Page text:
Russia’s unprovoked aggression against Ukraine and subsequent confrontation between Moscow and the West has had far-reaching implications for the entire Black Sea region, including Georgia. For Georgia, a country that has historically navigated complex regional dynamics, the situation in Ukraine holds particular significance, as the country’s strategic location makes it vulnerable not only to the spillover effects from the Ukrainian conflict but also to recent tensions in the Middle East. The protracted nature of these ongoing regional conflicts has not only exposed Georgia to increasing risks and challenges but has also led to a reassessment of defense and security strategies. These challenges have compelled Tbilisi to adapt its security policy to a constantly evolving geopolitical landscape, effectively addressing emerging global risks, and fortifying its resilience against the uncertainties of the global geopolitical arena.
This policy paper is a continuation of the first policy document which argued for Georgia to develop a comprehensive cross-sector resilience strategy based on a whole-of-society approach (Kakachia, Lebanidze, and Kandelaki 2022). The document identified four important components of resilience-building (institutional/legal, societal, political and public private) and proposed measures to strengthen them (Kakachia, Lebanidze, and Kandelaki 2022, 3). The comprehensive analysis, identification and management of risks – both of global and local nature – is an important aspect of resilience building. Therefore, current policy paper will analyses key global , diffuse, and local risks that Georgia faces, and identify means the country can use to increase its national resilience and tackle risks more effectively.
In this challenging time marked by political crisis, understanding the multiplicity of risks the country faces and looking for ways to prevent them from turning into existential threats is of utmost importance.
This Paper borrows a definition of risk published in the NATO Review: “Risk is the probability of loss, injury, or other adverse outcome” (Cocron and Lawrence 2022). The risks “can be estimated and calculated based on our knowledge of prior outcomes and conditions” (Cocron and Lawrence 2022).
Resilience, on the other hand, is identified as a mechanism to prevent and counteract global and local risks. Resilience from this perspective has two major dimensions: “bouncing back” and “moving forward” dimensions. Bouncing back means identifying, responding to and recovering from crises with a minimum amount of disruption while moving forward means self regulating process of building risk preemptive capacity at peaceful times (cf. Chandler 2014, 5). NATO’s own definition of resilience combines the both dimensions:
Resilience is the individual and collective capacity to prepare for, resist, respond to and quickly recover from shocks and disruptions, and to ensure the continuity of the Alliance’s activities” (NATO 2022).
Considering the limited state and societal capacity of Georgia, proper scanning and adequate prioritization of global and local risks should be part of a resilience strategy for the country.
The paper starts with a comprehensive mapping of global, diffuse, and local risks the country faces. To do so, it relies on three data collection tools: expert survey, content analysis of state documents, and analysis of public opinion surveys conducted over years by reputable institutions.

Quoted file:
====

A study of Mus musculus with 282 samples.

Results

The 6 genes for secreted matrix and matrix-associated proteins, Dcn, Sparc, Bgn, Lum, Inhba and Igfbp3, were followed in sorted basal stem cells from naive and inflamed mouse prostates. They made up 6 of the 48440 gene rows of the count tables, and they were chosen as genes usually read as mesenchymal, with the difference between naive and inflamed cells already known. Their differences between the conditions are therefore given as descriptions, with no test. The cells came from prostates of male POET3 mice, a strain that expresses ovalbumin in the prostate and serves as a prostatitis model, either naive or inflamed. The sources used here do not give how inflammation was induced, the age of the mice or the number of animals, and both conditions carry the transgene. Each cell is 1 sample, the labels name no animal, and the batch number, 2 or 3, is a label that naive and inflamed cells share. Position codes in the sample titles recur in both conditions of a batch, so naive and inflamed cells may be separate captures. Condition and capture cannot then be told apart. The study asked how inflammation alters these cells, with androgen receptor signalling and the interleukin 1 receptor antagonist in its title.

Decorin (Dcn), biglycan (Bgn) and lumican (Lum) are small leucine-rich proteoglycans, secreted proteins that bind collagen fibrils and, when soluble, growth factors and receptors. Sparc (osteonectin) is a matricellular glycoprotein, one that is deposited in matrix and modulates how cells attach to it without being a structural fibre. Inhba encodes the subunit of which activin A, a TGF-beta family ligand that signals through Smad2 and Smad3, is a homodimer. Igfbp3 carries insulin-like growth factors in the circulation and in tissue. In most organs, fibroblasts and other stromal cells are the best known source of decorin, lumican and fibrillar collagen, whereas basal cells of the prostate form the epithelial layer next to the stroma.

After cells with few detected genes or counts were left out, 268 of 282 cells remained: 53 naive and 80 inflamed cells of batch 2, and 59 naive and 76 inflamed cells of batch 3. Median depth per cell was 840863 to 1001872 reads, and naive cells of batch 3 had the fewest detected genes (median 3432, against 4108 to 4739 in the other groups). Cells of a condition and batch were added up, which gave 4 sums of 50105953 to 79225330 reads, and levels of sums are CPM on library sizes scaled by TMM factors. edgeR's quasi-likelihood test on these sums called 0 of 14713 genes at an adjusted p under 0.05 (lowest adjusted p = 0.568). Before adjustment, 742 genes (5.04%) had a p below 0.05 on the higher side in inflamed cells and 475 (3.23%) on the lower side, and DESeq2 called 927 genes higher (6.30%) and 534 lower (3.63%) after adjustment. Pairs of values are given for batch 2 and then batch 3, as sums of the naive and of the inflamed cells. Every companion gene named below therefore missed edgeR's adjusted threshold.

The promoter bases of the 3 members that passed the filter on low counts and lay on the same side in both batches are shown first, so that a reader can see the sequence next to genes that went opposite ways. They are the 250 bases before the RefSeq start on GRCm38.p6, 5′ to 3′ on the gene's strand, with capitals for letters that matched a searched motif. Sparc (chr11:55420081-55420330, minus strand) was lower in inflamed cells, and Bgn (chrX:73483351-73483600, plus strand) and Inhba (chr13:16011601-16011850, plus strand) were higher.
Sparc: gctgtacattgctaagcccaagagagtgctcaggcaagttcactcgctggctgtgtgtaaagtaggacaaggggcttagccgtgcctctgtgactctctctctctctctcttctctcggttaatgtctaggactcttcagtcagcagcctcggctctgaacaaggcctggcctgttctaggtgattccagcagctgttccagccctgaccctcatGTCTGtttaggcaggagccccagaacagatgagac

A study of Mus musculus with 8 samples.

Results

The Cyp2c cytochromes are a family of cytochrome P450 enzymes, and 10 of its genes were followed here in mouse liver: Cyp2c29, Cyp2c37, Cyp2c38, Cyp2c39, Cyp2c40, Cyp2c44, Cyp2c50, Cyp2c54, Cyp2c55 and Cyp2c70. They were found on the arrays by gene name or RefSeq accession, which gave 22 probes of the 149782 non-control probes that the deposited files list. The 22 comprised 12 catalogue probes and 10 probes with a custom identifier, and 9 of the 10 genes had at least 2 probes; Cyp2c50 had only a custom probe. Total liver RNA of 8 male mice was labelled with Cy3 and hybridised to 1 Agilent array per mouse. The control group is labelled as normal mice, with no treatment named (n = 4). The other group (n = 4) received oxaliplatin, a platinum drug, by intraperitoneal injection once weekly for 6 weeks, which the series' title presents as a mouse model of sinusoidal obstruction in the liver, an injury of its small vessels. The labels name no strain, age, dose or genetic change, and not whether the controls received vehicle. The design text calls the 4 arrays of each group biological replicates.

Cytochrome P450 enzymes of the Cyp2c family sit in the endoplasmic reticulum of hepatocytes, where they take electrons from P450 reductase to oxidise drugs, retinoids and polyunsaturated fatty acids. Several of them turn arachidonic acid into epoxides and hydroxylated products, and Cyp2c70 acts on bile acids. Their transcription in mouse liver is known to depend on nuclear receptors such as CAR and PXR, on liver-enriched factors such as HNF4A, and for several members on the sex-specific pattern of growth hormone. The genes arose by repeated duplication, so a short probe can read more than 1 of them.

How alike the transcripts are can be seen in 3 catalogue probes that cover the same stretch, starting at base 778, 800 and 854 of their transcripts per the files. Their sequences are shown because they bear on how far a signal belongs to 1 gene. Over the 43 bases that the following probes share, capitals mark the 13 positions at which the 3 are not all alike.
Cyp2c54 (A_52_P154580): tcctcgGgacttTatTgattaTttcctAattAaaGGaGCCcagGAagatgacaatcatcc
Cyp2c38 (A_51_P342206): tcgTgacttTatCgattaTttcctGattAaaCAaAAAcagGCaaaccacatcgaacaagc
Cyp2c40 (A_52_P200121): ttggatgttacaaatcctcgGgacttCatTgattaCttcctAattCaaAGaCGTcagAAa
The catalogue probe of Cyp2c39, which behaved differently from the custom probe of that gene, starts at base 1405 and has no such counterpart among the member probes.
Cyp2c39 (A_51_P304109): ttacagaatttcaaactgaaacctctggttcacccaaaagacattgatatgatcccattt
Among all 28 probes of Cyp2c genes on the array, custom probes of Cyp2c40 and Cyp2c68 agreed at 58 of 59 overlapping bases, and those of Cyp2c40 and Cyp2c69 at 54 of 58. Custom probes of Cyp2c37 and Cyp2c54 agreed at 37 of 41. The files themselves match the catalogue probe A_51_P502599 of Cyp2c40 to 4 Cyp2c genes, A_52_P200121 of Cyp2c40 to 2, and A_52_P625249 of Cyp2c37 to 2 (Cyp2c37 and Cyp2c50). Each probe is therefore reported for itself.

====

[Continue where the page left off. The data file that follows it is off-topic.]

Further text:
The main contribution of this paper is a comprehensive expert survey which illustrate how civil society, the policy community and academia perceive major risks. Overall, 36 Georgian experts were surveyed who specialize in Georgian domestic politics as well as foreign and security policy. We acknowledge the limitations of the survey as the majority of surveyed experts belong to the policy community and work either on foreign and security policy or broad domestic political dynamics. Still, the respondents were carefully selected based on their knowledge of Georgia’s political context and party-political neutrality. After discussing the survey results, the paper proceeds with a comparative analysis of risk perceptions in the policy community, the population and the government. This is an important analytical exercise to showcase to what extent the key actors have a common perception about major risks and challenges facing the country. The generated insights show significant divergences in perceptions about which global and local risks are most detrimental for the country’s resilience and preparedness to tackle risks.
In the second part, the policy paper singles out the Russian presence in the region as the single most significant global risk as assessed by the expert respondents and analyze how the state and society can best cope with it. For this, we also look at public opinion surveys as well as strategic documents and state policies to assess societal attitudes and the state’s approach and readiness to tackle it.
The paper concludes by mapping global, diffuse, and local risks in tandem with resilience areas. This provides a helpful analytical framework to explore how state and societal resilience can be strengthened and risks mitigated. It also helps show how these two sides of the risk-resilience nexus can complement each other. Specifically, the paper advocates for a whole of society approach as a central part of resilience building to close the gap among key actors regarding risk perceptions. The paper concludes with recommendations for the Georgian government, civil society, and the international community.
Policy Paper #39 | November 2023
This publication was produced with the financial support of NATO’s Public Diplomacy Division and British Embassy in Tbilisi. Its contents are the sole responsibility of the authors and do not necessarily reflect the views of the NATO’s Public Diplomacy Division and the Georgian Institute of Politics.